Afghan Election Commission Orders Runoff

Afghan Election Commission Orders Runoff



This is MORNING EDITION from NPR News. I'm Renee Montagne.

Afghanistan has taken a step towards a legitimate government in Kabul. Now that one commission has thrown out many of the votes in last August's presidential election, another commission has ordered a runoff. President Hamid Karzai quickly endorsed that runoff election and announced his decision through an interpreter earlier this morning in Kabul.

President HAMID KARZAI (Afghanistan): (Through translator) We welcome the decision made by the Independent Elections Commission. We believe the decision is legitimate, legal and according to the Constitution of Afghanistan.

MONTAGNE: The runoff is scheduled for November 7th, and will pit Karzai against his strongest challenger, his own former foreign minister, Abdullah Abdullah. This breakthrough comes after weeks of uncertainty, during which Karzai resisted the possibility that his vote count would fall below the 50 percent needed to win. Many leaders around the world believe the decision by Afghanistan's electoral commission to order a runoff could restore some credibility to that country's questionable election. NPR's Soraya Sarhaddi Nelson is following this story in Kabul, and says getting an election organized by early November presents some challenges.

SORAYA SARHADDI NELSON: They have to hire new election workers who are competent. They have to get the ballots and the polling stations out to the countryside again, and they have to obviously put some measures in place that are going to hopefully prevent the fraud that went on last time.

MONTAGNE: Well, all of which would seem rather tough since it's a difficult terrain to vote in. There's a war going on in whole chunks of the country, and also the weather will be getting bad.

NELSON: That is true. There's already snow in the higher-level elevations. We saw some, in fact, driven to Kunduz not too long ago. So it is definitely going to be a challenge, but they seem determined to do this. And at this press conference today, President Karzai stood side-by-side with Senator John Kerry and U.N. Special Envoy Kai Eide, and they showed a unified front, and they said they were going to work this together.

MONTAGNE: Well, let's get to the fact that he was standing there with these, you know, representatives of the international community. What is the significance of that?

NELSON: Well, I think they were all trying to show that the political bickering that has been reported to be going on behind the scenes, that this is now come to an end, that they've moved to a new phase, that at this point, Mr. Karzai has put aside his concerns about the fraud investigations - which many here feel was tampered with by international authorities who want to see someone else in power - and to basically move forward here and to get people to come out and vote again. In fact, Mr. Karzai did mention that he has questions about the one million votes in the south that were set aside. Another 300,000 were in other parts of the country, he says. But he says this is not the time to talk about that. The time now is to try and encourage voters to come out. He urged 10 to 15 million people to come out and to make Afghanistan proud.

MONTAGNE: Well, OK. So he seems to be bowing, as well, to a certain amount of international pressure because it didn't seem as if the U.S. or any of the coalition forces wanted to see this drag on. Are there other reasons why President Karzai would come out now and endorse the runoff when, in fact, he'd been dragging his feet, as you've just said?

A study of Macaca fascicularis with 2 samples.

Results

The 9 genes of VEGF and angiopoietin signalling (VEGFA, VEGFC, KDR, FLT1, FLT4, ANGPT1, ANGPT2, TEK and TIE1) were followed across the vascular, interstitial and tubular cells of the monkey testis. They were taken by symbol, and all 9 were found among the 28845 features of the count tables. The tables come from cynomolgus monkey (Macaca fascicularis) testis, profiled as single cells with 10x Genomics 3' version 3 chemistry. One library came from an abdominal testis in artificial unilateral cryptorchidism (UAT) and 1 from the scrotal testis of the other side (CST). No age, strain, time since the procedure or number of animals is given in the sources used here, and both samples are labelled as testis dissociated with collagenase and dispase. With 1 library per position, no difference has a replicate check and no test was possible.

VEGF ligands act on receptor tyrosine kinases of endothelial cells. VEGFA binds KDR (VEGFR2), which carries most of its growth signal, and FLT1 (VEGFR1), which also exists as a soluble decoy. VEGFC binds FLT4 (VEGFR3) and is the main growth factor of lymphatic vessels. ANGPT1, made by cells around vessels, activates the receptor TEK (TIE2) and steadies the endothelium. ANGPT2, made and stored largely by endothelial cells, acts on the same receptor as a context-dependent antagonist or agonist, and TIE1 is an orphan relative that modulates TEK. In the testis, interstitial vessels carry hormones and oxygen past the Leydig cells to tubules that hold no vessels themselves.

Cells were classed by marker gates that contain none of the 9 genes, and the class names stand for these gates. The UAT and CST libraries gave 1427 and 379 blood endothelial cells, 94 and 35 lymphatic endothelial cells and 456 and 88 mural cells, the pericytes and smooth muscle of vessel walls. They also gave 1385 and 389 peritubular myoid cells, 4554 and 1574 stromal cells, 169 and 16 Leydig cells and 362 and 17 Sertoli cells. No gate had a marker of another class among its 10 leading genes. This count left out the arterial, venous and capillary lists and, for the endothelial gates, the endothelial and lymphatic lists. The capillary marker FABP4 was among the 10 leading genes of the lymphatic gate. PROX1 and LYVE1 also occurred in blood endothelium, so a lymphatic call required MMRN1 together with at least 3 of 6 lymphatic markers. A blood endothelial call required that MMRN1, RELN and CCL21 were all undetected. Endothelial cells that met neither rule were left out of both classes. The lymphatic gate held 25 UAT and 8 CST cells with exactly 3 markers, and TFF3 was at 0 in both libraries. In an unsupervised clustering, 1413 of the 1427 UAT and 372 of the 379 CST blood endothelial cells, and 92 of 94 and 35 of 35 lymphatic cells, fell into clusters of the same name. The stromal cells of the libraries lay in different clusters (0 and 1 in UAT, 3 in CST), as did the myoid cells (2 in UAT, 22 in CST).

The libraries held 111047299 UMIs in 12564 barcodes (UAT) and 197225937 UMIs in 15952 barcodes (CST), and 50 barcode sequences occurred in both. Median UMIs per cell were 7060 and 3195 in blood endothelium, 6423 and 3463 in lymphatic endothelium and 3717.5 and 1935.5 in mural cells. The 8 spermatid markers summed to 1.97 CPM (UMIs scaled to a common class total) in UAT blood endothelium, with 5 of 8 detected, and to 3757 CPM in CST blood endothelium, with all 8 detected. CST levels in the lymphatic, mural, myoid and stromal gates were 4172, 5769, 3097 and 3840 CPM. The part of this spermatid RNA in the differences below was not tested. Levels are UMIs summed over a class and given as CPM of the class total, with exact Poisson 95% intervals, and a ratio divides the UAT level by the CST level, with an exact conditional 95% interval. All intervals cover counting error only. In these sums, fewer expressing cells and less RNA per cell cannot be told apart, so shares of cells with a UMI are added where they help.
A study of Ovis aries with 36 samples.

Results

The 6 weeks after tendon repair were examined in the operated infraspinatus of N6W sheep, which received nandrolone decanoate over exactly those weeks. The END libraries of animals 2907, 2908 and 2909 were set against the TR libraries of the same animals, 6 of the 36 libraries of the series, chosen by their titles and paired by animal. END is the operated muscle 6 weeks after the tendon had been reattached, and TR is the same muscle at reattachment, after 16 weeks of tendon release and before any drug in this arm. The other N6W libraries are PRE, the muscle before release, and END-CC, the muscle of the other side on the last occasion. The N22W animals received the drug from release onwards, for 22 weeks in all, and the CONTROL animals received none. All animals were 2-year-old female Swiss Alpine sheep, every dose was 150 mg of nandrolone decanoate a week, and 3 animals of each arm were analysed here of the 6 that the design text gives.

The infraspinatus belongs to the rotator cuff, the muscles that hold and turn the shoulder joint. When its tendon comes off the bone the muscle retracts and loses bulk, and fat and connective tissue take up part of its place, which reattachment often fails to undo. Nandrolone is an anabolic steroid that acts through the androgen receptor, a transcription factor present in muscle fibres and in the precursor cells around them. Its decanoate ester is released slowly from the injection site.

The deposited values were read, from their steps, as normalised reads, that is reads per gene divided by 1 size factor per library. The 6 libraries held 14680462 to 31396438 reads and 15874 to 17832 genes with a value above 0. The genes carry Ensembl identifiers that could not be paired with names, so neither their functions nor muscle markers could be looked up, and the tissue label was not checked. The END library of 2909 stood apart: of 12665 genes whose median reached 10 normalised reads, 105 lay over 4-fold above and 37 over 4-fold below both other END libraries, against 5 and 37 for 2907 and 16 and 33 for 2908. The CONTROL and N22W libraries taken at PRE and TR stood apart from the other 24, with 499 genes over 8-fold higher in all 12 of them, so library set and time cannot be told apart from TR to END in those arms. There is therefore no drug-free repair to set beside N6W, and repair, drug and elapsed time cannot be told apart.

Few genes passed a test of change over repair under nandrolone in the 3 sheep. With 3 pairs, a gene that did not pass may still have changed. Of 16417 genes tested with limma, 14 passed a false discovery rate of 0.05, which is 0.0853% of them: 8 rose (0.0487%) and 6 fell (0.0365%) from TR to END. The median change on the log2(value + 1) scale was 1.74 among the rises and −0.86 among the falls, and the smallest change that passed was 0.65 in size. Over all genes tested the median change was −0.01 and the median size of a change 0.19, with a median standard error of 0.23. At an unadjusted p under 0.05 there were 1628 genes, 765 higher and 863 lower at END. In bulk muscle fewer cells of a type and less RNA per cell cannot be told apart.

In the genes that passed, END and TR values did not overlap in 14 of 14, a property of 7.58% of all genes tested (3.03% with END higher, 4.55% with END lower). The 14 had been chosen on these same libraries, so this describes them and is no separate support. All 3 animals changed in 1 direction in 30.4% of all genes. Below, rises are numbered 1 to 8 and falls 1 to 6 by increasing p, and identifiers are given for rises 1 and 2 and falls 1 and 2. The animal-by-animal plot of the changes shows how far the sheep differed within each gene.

NELSON: Well, certainly, the Electoral Complaints Commission findings that were publically released yesterday cast some legitimacy on the claims of fraud allegations. So he was certainly under more pressure not to seem like he was holding up the process. But I think there was little double that he also extracted promises from the West over this. I mean, Mr. Eide from the U.N. and also Senator Kerry made a very strong point over and over again to talk about how President Karzai was very statesman-like, how he has the best interests of the country at heart, how, you know, that his government has pledged to deal with some of the issues of corruption and to provide more services to the people, to the Afghan people. And so I think that there was sort of - those sorts of promises were extracted, that there would be more positive, I guess, reflection of President Karzai in the West.

MONTAGNE: And also, based on, you know, polls taken, it's also a good chance he'd win a runoff election.

NELSON: There's certainly that chance, and the people who feel that the election process was marred to begin with question how it's going to be different this time, and how do you prevent fraud, or whatever the case might be. So he does have some confidence there. But again, Mr. Abdullah definitely has a good chance, as well. I mean, his numbers rose as a result of this fraud investigation.

MONTAGNE: And Soraya, what is the reaction among Afghans to having this runoff?

NELSON: Well, surprisingly, as tired as they are of the political bickering both here in Afghanistan and in the international community, they seem to be eager to go to a second round. I mean, some of the people we spoke to were talking about it being a patriotic duty and that the fate of Afghanistan should be in the hands of Afghans. And even those who felt that this was a process that was aimed at driving Karzai out of office felt that they would go out again and vote because they felt it was important for Mr. Karzai to remain.

MONTAGNE: Soraya, thanks very much.

NELSON: You're welcome, Renee.

MONTAGNE: Soraya Sarhaddi Nelson, speaking to us from Kabul, where Afghanistan's Independent Election Commission has called today for a runoff in the presidential election.